Review: Red Sonja: The Black Tower #1–4 - Comics for Sinners

Kaching Comic Reviews

Published on January 17th, 2015 | by Steven Roman

Review: Red Sonja: The Black Tower #1–4

RSTower01CovConnerIf you’re a longtime fan of author Robert E. Howard’s legendary adventurers, Conan the Barbarian and Red Sonja, She-Devil With a Sword, you know the scenario by now: one or the other rides into a town, walks straight into a shitstorm, gets harassed to the point where they kick major ass, and ride out. So it is with the now-concluded miniseries Red Sonja: The Black Tower, published by Dynamite Entertainment, written by Frank Tieri (Wolverine, Invincible Iron Man), and illustrated by Cezar Razek (Vampirella: Nublood, Witchblade/Red Sonja). But there’s a difference, here, because this tale takes decades to tell.


So, in issue 1, Sonja rides into the town of Lur, “a place between places,” where a mysterious black tower has literally sprouted overnight. That doesn’t concern her as much as the thugs she spots attempting to rape a woman from the tower. A few decapitations and a sword-delivered loss of manhood later, Sonja rides out, as one would expect—except this adventure is far from over.


Issues 2–4 all begin with the same caption—“Time passed.”—as Sonja keeps finding herself back in Lur in the decades that follow, either because she has business to take care of, or she’s been forced back against her will. She gets older, gets grayer, gets cyclopean (apparently she’s fated to lose an eye somewhere along the way in her non–Black Tower adventures). And each time she arrives, the town has changed, because the Black Tower eventually opened its doors to disgorge a race of high-tech humans and their laser-sword-wielding robot warriors—from the future! Red Sonja battling a sci-fi invasion—well, that’s certainly different! The one hitch in Tieri’s story is that, based on the cliffhanger ending of issue 3, you can pretty much predict how this miniseries is going to turn out. But that doesn’t detract from the overall fun.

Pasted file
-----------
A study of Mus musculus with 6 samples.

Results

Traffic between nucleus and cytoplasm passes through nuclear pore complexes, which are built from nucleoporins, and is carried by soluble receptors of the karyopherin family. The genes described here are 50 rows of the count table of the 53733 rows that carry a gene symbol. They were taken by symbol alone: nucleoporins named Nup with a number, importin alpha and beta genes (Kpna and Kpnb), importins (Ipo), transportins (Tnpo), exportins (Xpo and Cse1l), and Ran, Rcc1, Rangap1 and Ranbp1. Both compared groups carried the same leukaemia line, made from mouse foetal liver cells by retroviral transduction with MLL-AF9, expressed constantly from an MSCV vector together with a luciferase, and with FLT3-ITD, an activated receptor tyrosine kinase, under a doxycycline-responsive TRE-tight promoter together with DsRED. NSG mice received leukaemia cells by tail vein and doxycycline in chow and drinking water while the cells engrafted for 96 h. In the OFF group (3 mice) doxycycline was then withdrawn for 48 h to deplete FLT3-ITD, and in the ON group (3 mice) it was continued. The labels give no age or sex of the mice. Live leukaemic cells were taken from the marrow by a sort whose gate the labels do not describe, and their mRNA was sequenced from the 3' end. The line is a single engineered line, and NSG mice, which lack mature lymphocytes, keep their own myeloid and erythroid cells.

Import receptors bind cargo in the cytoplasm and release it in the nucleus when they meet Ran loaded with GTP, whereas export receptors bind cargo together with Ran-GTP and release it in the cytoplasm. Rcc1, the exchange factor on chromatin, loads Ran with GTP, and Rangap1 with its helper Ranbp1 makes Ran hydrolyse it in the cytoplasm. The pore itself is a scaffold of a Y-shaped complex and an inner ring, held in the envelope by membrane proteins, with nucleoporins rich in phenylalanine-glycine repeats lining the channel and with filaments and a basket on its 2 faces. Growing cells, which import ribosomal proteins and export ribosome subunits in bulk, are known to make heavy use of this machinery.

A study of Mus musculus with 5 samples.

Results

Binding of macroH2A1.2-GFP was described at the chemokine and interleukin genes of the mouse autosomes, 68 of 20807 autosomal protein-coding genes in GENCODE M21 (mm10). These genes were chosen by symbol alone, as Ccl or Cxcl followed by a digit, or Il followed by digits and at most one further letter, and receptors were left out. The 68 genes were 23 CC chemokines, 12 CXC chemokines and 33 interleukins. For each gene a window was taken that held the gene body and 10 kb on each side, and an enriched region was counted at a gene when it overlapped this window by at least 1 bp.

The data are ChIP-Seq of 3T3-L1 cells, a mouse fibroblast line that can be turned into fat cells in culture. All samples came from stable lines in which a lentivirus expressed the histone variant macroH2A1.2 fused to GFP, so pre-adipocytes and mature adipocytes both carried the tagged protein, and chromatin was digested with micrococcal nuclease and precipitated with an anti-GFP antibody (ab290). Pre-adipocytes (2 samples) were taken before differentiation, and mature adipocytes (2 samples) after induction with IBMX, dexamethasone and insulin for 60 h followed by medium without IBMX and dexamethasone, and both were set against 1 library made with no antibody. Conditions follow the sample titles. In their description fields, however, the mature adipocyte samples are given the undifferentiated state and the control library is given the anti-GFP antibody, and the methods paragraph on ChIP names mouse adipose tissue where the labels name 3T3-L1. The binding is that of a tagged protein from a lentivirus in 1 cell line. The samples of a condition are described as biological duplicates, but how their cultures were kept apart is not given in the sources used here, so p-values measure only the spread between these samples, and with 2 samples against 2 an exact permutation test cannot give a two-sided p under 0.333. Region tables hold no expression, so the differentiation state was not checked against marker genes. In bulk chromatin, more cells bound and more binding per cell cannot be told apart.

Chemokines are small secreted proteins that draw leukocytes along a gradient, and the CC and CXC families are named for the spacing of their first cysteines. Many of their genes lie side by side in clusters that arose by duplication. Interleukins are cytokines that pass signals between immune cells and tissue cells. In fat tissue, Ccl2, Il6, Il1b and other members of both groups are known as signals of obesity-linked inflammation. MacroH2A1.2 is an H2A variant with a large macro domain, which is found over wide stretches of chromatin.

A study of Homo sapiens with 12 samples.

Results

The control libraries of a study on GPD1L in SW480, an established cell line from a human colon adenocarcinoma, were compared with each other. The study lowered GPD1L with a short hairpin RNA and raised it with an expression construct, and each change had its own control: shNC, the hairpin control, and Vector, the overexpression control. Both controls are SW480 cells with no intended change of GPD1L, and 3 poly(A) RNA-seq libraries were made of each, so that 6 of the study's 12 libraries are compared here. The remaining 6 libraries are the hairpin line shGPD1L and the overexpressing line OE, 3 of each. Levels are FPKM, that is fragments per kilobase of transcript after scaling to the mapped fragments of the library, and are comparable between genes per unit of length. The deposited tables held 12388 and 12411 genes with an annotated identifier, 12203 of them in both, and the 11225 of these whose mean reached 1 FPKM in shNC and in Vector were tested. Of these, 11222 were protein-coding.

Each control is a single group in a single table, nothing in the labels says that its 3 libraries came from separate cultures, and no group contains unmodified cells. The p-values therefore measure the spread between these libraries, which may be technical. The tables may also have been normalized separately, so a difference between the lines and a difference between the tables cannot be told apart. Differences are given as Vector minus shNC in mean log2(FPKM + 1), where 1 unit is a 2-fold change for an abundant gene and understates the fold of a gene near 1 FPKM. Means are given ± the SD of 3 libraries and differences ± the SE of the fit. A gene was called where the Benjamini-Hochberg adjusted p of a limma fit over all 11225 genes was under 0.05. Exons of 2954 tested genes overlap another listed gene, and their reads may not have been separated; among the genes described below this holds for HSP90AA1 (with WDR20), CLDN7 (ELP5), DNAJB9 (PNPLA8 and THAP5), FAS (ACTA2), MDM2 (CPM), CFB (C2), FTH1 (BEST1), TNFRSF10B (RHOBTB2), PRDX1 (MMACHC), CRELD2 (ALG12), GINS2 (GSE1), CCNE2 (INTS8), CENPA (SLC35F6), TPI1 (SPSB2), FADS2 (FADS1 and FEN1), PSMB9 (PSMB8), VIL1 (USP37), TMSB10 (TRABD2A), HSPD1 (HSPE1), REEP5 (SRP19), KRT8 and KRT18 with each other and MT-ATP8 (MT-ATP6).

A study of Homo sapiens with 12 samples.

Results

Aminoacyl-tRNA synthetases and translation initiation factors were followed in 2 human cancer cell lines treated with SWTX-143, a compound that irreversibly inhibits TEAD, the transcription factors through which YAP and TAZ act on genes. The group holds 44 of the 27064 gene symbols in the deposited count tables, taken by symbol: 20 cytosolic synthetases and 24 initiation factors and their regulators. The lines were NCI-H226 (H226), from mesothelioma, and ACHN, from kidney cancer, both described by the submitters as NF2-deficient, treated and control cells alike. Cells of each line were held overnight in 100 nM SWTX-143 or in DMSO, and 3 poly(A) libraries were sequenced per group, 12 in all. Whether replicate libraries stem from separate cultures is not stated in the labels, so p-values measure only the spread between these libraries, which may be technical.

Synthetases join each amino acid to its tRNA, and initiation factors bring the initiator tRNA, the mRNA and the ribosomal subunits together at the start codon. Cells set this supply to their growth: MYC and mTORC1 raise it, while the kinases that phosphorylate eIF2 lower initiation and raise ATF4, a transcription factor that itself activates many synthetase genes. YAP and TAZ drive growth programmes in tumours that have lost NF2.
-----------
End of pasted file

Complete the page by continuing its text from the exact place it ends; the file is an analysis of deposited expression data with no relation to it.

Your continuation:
For readers of Comics for Sinners, the real…er, draw of the miniseries will be Razek’s art. Sonja is as sexy and dangerous as she was during the height of Frank Thorne’s 1970s run at Marvel Comics, but Razek is equally adept at illustrating men of different faces and body types, as well as Hyborean Age architecture and fast-paced fight sequences (a necessity in such an action series). Bad-girl art fans should be pleased with the results. And Razek’s work inside the comics is aided by the eye-catching covers of Amanda Conner (Power Girl, Harley Quinn).


RSTower04-Cov-ConnerBottom line? A fun story and great art make this a winning combination for bad girl enthusiasts in general, and Red Sonja fans in particular. If you’re not into digital comics and can’t track down the three previous issues of this miniseries in print, don’t worry: Dynamite probably already has a trade paperback collection in the works. Seek it out when it arrives.


Red Sonja: The Black Tower #1–4

Written by Frank Tieri

Art by Cezar Razek

Covers by Amanda Conner

Publisher: Dynamite Entertainment

32 pages • full-color

$3.99 U.S. each

Issue 4 on sale January 21, 2015



Steven A. Roman is the author of the Saga of Pandora Zwieback novel series and the graphic novels Lorelei: Sects and the City and Sunn, and the bestselling author of the novels X-Men: The Chaos Engine Trilogy and Final Destination: Dead Man’s Hand. Follow his adventures in publishing at StarWarp Concepts.